I love the Monty Python sketch "Hide And Seek Olympic Finals" where the hider can hide anywhere in the world and it takes years for the seeker to find him.
I mention this because I've been visiting some pretty obscure places in Northern England with Mrs Stan over the last few days and it occurs to me that these would make excellent hiding places. No-one would ever think of looking for you in any one of these hidden gems. Except if you opened a cafe that actually made a decent cup of coffee. Then you'd stick out a mile - each of these towns contains very attractive tea-rooms serving weak tea, instant coffee and plastic scones. Bring sandwiches.
(1) Bakewell, Derbyshire : this town is the inspiration for the Bakewell Tart; not a well known prostitute but a sort of cake. Like the cake, jam runs down the middle of the town, there is a thin layer of icing on all the roads and a glace cherry sits atop the church tower. Well, in a perfect world it would.
It's an attractive bustling place with all kinds of nice-smelling knick-knack shops and you must try the Bakewell Pudding which is unrecognisable from the muck that Mr Kipling puts into tin foil.
(2) Frodsham, Cheshire : an identikit Market Town, except one where the market has been taken over by Scousers selling forged brand-name sweets and CDs of uncertain provenance. On the bright side it has even more nice-smelling knick-knack shops than Bakewell, is the start of the "Sandstone Way" long distance path and has a name that I never tire of repeating in a variety of comedy voices.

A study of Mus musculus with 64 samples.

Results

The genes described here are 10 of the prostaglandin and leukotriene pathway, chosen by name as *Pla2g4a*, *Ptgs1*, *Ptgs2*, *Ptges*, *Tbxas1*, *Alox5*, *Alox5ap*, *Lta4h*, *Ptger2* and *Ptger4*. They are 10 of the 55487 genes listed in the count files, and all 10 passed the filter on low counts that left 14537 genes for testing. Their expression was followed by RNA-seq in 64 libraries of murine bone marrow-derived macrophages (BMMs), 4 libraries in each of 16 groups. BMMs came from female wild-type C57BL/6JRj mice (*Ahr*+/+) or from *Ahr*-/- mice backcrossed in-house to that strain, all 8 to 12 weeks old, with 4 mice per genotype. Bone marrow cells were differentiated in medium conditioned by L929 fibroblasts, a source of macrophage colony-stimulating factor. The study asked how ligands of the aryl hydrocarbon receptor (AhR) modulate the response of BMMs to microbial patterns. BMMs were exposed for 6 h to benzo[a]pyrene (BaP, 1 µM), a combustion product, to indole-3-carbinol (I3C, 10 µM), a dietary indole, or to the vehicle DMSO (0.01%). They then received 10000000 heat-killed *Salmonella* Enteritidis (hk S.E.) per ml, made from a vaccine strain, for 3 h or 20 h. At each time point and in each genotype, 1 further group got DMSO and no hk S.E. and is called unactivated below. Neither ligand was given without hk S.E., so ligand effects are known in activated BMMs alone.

I recommend the first section of the Sandstone Way - it takes you up to an amazing vantage point high above the Thelwall Viadiact where you can see Liverpool and even Mount Snowdon in the distance. If you squint you can pretend that Warrington and Runcorn aren't there.
(3) Whitchurch, Shropshire : the other end of the Sandstone Way After a few days of Market Towns it was all getting a bit same-y. We tried the last section of the Sandstone Way which goes along the canal to the three-level lock system at Grindley Brook. I wasn't well-disposed to the idea of a narrowboat holiday before, but after seeing a few families in action I'm even more anti now. It is basically caravaning (but without the glamour and style). It was amusing to watch as every single boat making their laborious way through the locks seemed to have a cross and bored teenaged boy on board who would get the honour of doing whatever the heck it is you do with the windy-thing.
Trivia : A native of Shropshire is traditionally called a Salopian. Their children are NOT called Salopettes.